Oldaker and Lutes speculated that many aspects of the PPACA could become pawns in the budgetary negotiation process during the current lame-duck session. While House Republicans want to avoid the defense cuts that are lined up if sequestration takes effect, the Democrats would like to avoid domestic spending cuts and bring in some "upper-income revenue to the party," Lutes says.
"For me, the $99 question is: What are the chances that the lame-duck deal will affect ACA funds, such as the funds slated for Medicaid expansion or the funds for the [health insurance] exchange enrollment subsidies?" questioned Lutes.
Democrats will seek to protect these funds, Oldaker said. "They are down at the bottom of the list that the administration will agree to, but they'll be on the list that the Republicans put forward. The President will try to protect both the exchanges and Medicaid expansion as much as possible."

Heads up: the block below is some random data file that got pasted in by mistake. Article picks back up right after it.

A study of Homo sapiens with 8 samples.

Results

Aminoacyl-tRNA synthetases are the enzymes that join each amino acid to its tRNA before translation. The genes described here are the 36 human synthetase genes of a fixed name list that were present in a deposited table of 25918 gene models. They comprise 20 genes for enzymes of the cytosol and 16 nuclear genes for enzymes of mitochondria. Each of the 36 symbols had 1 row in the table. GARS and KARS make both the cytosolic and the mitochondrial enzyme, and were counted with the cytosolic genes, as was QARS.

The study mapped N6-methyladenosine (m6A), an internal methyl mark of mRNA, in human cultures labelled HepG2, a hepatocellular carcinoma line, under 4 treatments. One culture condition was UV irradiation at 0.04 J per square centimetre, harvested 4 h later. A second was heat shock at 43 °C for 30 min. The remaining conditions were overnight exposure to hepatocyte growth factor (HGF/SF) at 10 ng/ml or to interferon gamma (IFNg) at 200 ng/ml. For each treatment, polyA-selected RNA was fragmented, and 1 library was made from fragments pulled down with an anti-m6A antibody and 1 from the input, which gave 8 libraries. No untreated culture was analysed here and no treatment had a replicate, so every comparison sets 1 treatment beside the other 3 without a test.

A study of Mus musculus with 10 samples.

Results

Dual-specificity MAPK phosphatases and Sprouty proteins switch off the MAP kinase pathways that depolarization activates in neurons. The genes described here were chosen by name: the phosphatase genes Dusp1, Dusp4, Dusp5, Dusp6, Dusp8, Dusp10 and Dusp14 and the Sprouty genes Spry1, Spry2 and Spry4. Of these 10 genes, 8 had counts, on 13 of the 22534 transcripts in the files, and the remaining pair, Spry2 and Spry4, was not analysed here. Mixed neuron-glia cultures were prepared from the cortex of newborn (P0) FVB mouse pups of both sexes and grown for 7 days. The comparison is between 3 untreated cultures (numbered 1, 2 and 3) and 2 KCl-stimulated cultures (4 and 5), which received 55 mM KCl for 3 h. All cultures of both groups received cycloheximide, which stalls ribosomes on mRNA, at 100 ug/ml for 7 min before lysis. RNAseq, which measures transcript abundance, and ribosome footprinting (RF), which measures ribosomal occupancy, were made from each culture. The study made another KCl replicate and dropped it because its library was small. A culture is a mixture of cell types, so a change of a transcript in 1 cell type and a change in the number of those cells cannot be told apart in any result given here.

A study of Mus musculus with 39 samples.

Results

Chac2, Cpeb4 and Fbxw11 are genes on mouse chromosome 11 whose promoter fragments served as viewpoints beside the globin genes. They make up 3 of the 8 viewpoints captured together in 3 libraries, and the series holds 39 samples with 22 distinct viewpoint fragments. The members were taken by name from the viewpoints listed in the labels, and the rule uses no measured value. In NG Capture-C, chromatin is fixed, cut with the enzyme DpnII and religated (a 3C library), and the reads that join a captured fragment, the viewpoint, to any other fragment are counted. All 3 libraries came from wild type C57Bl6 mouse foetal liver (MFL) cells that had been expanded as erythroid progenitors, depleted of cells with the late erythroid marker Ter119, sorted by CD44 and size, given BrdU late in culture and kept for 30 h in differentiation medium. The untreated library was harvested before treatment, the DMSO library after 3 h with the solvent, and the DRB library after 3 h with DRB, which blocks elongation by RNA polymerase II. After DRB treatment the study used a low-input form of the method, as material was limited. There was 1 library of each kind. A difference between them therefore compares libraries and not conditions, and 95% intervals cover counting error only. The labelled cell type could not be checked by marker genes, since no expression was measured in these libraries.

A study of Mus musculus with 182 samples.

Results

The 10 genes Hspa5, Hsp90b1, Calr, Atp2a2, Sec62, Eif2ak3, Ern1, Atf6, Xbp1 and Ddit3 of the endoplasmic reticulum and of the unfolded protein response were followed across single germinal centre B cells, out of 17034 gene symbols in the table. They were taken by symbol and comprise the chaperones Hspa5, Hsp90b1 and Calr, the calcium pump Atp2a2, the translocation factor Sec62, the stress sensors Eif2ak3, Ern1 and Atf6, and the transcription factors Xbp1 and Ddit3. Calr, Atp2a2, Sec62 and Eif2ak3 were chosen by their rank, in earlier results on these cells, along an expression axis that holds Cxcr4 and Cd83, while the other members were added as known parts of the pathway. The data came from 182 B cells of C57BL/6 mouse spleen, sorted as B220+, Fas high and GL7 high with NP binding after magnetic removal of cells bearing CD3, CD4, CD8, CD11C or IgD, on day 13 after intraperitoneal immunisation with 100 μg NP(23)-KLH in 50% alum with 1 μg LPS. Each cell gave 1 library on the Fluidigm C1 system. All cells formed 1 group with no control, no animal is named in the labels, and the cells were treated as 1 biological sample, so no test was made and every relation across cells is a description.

With such a tight popular vote for the Presidential election, Oldaker believes we can expect to see President Obama more willing to work with Republicans and "in the mood to negotiate" to get bipartisan support to resolve the fiscal cliff before it transpires.
"The day after the election, [House] Speaker [John] Boehner [R-OH] fired the starting gun on this race ... saying he was ready to work with the President to resolve the fiscal cliff but that ‘real change to the structure of entitlement programs' needs to be a part of the solution, along with spending cuts and revenue increases from tax reform," said Lutes.